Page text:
WATERTOWN — The Watertown City School District within 10 days should bounce back to full recovery from a malware attack that destroyed its servers, according to the superintendent.
Patricia B. LaBarr said the servers have been rebuilt and returned last week, email will be available again to staff once they receive temporary passwords to log in, and she now has access to her email and files.
Practically all systems and functions should be back online in 10 days, she said, with the ability for students to log in to school computers before school starts Sept. 5.
No personal information was compromised, and no records were lost as a result of the malware attack, Mrs. LaBarr said.
“We are actually still in recovery mode, but things are progressing rather nicely,” she said “We’re very fortunate, all things considered.”
The district described the incident as “an event” with its computer network and systems when it disclosed the incident, which occurred July 27. It hired the cybersecurity firm Anjolen, Utica, to help investigate the attack and help it recover, and it received assistance from Mohawk Regional Information Center.
Representatives of both firms could not be reached for comment Monday.
Machines from more than 1,600 separate work stations have been undergoing analysis in the wake of the attack, evaluations Mrs. LaBarr said she expected to conclude Monday. Cybersecurity experts have not pinpointed the origin of the malware, but Mrs. LaBarr said they identified the type of malware and presented protection measures against possible future attacks.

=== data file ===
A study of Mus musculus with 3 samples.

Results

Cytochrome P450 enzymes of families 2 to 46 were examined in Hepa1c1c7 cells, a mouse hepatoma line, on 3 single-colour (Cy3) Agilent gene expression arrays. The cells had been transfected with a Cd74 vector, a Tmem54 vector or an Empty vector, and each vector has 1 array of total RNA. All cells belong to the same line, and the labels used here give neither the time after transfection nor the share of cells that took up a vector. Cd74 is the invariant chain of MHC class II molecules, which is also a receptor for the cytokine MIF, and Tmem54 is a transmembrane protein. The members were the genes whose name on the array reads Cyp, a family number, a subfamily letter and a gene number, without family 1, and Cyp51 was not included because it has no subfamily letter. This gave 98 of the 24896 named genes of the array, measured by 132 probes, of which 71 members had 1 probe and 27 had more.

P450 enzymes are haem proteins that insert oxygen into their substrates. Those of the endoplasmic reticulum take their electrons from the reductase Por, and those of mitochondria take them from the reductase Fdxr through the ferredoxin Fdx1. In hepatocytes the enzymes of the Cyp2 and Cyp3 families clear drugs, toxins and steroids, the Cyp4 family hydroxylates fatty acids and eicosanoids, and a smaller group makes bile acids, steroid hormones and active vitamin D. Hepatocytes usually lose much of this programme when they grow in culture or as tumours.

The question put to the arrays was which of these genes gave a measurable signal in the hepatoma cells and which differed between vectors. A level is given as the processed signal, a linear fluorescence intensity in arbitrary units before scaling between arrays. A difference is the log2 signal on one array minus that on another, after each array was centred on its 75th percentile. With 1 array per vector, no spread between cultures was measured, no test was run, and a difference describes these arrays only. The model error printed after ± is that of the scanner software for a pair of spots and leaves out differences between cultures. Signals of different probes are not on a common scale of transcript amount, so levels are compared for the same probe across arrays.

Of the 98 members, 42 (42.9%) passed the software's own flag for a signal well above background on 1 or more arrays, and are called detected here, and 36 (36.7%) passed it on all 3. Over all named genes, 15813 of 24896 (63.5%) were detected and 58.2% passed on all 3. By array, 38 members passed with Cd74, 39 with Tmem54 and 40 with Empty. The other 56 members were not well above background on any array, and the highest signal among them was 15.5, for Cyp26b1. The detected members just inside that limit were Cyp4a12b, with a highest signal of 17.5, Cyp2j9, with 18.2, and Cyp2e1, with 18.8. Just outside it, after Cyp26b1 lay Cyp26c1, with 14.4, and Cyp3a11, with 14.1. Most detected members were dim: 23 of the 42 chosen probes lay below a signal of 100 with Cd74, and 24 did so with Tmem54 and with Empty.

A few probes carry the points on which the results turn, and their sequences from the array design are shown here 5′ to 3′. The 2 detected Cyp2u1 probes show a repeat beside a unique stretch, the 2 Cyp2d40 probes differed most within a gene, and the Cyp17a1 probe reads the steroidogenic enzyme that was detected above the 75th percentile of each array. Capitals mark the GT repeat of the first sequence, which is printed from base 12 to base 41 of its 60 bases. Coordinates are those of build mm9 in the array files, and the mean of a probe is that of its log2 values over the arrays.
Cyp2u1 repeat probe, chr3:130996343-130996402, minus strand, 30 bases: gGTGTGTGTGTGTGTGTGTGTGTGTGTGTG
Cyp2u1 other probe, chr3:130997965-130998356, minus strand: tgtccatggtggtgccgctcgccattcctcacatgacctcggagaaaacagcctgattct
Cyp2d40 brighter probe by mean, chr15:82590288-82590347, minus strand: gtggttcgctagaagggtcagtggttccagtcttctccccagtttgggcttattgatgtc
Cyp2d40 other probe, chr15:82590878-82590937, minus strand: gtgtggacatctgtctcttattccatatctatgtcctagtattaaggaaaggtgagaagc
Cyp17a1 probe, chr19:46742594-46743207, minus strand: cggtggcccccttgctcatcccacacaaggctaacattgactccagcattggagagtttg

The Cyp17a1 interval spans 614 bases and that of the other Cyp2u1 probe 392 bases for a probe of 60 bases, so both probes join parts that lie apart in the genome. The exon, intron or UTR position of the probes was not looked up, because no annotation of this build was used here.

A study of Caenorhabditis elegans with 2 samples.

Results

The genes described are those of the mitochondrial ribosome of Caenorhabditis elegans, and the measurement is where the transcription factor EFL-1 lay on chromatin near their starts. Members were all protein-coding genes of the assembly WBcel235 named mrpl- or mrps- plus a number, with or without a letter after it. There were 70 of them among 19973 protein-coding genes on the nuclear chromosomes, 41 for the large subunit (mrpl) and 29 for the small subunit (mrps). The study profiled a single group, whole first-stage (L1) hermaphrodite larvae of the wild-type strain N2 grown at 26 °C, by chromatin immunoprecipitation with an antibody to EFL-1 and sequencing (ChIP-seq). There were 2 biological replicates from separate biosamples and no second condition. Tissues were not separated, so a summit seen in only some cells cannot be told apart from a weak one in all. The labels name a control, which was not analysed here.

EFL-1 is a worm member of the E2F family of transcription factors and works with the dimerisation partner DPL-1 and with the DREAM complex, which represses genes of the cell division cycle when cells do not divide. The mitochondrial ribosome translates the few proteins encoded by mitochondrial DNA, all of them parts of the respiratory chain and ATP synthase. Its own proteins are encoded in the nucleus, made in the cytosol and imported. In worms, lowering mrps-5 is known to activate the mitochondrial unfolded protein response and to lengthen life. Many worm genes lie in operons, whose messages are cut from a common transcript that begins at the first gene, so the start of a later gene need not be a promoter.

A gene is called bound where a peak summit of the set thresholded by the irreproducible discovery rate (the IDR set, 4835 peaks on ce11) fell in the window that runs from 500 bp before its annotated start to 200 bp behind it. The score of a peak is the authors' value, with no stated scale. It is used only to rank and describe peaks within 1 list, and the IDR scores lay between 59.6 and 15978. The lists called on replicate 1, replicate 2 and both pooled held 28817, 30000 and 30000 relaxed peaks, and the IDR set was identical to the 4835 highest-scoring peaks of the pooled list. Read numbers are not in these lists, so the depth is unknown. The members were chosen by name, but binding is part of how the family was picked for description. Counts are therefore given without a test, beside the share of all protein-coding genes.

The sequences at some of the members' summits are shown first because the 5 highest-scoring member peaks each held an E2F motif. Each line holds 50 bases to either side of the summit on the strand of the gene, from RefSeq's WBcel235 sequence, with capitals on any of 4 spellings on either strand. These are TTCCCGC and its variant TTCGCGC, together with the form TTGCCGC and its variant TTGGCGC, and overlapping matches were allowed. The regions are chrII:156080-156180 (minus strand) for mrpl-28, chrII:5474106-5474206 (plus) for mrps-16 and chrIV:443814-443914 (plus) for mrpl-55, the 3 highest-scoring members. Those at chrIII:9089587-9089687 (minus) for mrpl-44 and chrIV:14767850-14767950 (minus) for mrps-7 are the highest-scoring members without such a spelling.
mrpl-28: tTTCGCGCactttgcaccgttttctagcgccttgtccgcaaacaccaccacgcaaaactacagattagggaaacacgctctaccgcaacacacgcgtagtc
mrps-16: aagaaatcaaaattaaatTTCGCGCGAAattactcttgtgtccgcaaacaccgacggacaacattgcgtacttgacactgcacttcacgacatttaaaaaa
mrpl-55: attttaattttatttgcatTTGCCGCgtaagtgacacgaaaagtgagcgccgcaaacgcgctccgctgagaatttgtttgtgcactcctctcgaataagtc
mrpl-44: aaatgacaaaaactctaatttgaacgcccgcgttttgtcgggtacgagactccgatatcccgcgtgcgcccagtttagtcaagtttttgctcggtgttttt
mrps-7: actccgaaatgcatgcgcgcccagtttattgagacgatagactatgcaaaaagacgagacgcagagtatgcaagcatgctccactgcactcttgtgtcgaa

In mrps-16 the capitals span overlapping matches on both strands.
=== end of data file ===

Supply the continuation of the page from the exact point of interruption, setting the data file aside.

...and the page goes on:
The district has not been sitting idle while recovering from the attack, which Mrs. LaBarr called an “inconvenience.” District staff have coordinated busing schedules with First Student at its local office, worked with Mohawk to ensure grades were uploaded, sent summer school students to the Flower Memorial Library to use its internet and complete coursework, conducted payroll outside of the office, held a three-day professional development workshop at Jefferson Community College and worked on school taxes at the city office.
Mrs. LaBarr said functions she normally coordinated with email she instead executed with faxes, phone calls and face-to-face interactions.
“Every time I think about all of the community support we had, it’s been overwhelming,” she said. “It could have been a huge disaster.”
The district’s board of education will receive a protection plan against future cybersecurity threats Tuesday. Mrs. LaBarr said cybersecurity has also been included in the district’s training for staff, with Tony Martino, vice president of Anjolen, holding a presentation on Sept. 3.
It’s good to have best practices and keep mindful of things we should be looking out for,” Mrs. LaBarr said.